Samsung is unleashing its next-generation internal storage today with the new 990 PRO SSD lineup. Described as the company’s latest high-performance NVMe SSD, it is based on the PCIe 4.0 architecture with “lightning-fast speeds and superior power efficiency” as a follow-up to the 980 PRO heat sink edition – be sure to check out our tutorial review for installing one in your PlayStation 5. Clocking in with even faster transfer rate speeds than its predecessor alongside options with and without the heat sink, you can get a closer look at the new Samsung 990 PRO SSD lineup below.
New Samsung 990 PRO SSDs on the way
While it might not be the PCIe 5.0 upgrade you were hoping for, the new Samsung 990 PRO SSD lineup features the brand’s latest V-NAND tech as well as an updated proprietary controller to deliver “nearly the highest speed currently available from the PCIe 4.0 interface.”
It clocks in with sequential read and write speeds of up to 7,450MB/s and 6,900 MB/s, respectively. (The 980 Pro delivers up to 7,000 MB/s read speeds for comparison.) From there, you’ll find random read and write speeds coming in at up to 1,400K and 1,550K IOPS, a “55% improvement in random performance over the 980 PRO.”
Samsung Electronics America announced the 990 PRO, the company’s high-performance NVMe SSD, delivering lightning-fast speeds and superior power efficiency. The new SSD is optimized for graphically demanding games and other intensive tasks including 3D rendering, 4K video editing, and data analysis.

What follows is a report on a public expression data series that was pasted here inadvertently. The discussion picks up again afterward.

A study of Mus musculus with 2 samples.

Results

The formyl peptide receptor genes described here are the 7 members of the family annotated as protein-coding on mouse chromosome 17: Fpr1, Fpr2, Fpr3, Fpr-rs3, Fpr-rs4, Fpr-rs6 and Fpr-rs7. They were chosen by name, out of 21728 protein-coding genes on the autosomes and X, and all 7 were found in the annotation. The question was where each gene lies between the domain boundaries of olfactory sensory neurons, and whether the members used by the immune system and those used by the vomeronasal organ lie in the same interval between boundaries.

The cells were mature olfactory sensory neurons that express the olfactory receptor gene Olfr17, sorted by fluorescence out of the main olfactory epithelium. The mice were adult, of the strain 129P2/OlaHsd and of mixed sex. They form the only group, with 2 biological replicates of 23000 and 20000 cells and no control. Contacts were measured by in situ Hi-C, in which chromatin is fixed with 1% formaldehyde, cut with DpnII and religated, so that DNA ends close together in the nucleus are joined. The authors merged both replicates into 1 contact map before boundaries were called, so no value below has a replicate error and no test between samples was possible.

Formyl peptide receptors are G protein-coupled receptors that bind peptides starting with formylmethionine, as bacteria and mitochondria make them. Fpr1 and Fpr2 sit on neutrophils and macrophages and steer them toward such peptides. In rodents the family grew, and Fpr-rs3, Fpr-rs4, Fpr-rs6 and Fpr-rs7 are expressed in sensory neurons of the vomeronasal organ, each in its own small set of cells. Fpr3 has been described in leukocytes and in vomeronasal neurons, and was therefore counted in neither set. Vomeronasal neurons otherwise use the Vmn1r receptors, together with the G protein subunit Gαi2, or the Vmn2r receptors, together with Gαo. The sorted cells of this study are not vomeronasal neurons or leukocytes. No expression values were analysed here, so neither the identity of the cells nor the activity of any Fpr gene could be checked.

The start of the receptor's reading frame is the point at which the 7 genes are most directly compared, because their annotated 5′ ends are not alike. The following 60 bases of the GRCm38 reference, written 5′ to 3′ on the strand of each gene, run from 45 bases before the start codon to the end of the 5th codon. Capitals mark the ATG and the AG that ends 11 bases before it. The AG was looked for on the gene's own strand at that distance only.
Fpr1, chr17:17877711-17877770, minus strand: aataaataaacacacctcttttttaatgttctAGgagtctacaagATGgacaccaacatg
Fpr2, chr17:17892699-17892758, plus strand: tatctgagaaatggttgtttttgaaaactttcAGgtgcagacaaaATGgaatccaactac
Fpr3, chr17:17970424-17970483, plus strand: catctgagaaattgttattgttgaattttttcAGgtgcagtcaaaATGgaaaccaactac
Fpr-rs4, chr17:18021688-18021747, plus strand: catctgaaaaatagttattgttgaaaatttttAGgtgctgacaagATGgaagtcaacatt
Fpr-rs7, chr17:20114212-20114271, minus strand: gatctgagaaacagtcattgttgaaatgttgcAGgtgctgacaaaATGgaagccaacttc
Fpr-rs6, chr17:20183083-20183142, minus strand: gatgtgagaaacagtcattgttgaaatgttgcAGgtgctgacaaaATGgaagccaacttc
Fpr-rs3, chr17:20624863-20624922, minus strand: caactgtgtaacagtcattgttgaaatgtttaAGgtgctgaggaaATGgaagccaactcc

While not particularly universal data for all battle stations, Samsung said that when “tested with Forspoken, Luminous Productions’ forthcoming action role-playing game supporting the latest game-loading technology, the map loading time was about one second, compared to four seconds for a SATA SSD and 28 seconds for a hard disk drive (HDD).”
The Samsung 990 PRO SSD features a nickel coating on the controller and a heat spreader label on the drive for thermal management as well as Samsung’s Dynamic Thermal Guard technology. But the heat-sink-equipped variant adds “an additional layer of thermal control” alongside new RGB lighting. (Details on the lighting specs here are thin as far as the official press release.)
You’re looking at $179 for the 1TB model and $309 for the 2TB when they launch in October – sign up to be the first to land one on this page – while the 4TB variant isn’t expected to launch until 2023.